Lieutenant Governor's Office / Twitter

Thousands of missing signatures for a proposed ballot initiative were found Wednesday, and now they need to be counted. It’s the latest in a wild ride attempting to get the Count My Vote initiative on the November ballot.

In a letter to Utah County Clerk Bryan Thompson Wednesday, Lt. Gov. Spencer Cox said his office found an entire box—more than two thousand signatures—for the Count My Vote initiative that hadn’t been verified.

“I am sending these petition packets back to your office for immediate processing, and request you provide a written explanation as to why they were no processed by close of business today,” Cox wrote.

County clerks spent the last month verifying hundreds of thousands of signatures submitted by ballot initiative groups. They were required to send the processed signature packets to the state elections office by Tuesday, which is where the unverified signatures were discovered.

“There was a discrepancy between what Count My Vote had said they submitted and what the county had processed,” Cox said in an interview Wednesday. “The good news is that there’s a paper trail for all of this.”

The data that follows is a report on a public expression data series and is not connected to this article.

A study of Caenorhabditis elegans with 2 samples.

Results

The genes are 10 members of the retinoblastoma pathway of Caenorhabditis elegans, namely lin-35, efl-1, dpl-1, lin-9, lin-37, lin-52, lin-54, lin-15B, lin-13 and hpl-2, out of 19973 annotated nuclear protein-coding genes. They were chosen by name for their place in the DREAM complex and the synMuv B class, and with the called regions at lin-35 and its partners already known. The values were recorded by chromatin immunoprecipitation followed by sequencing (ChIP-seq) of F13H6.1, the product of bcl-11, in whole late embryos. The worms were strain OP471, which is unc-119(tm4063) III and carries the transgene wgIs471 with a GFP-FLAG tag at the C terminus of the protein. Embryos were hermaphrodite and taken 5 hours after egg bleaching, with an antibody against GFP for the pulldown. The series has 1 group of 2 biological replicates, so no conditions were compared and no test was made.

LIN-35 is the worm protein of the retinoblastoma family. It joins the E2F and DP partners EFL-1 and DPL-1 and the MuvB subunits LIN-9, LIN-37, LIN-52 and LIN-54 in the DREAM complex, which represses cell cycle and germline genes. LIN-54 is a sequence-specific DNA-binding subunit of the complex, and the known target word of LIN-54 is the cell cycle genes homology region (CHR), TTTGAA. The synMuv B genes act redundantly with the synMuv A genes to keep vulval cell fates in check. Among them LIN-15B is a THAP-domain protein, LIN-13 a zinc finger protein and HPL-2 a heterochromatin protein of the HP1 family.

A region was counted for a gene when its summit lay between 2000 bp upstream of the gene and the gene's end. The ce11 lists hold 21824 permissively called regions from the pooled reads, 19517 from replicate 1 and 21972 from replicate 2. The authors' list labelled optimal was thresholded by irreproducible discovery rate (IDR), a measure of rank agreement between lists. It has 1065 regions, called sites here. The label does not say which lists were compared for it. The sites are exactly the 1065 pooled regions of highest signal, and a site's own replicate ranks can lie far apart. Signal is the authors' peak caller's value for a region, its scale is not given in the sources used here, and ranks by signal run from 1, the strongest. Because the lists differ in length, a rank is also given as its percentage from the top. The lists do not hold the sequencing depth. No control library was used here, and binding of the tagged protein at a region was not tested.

Count My Vote wants to cement Utah’s dual-path election law, which allows candidates to get on the primary ballot by gathering signatures, attending their party’s nominating convention, or both.

"Utah's initiative process is a constitutionally-protected right,” said Taylor Morgan, executive director of Count My Vote. “Signing a petition is an act of voter participation which should be honored and respected. It's essential that every single signature be carefully reviewed and processed."

Opposition group Keep My Voice, which wants to strengthen Utah’s caucus-convention system by repealing the dual pathway, said Tuesday it submitted thousands of signature removal forms from voters in a last-ditch attempt to block the effort.

The newly discovered signatures throw into question whether Keep My Voice will be successful.

Opponents of the medical marijuana initiative also tried to derail that measure by canvassing for signature withdrawals.

State elections officials have until June 1 to certify which of the four citizen-led initiatives that submitted signatures will appear on the November ballot.

Cox said even though the Utah County signatures weren’t verified by the May 15 deadline, it shouldn’t delay the work his office is doing now.

“We have three other initiatives that we can work on while they’re finishing that up. It really shouldn’t set us back,” he said.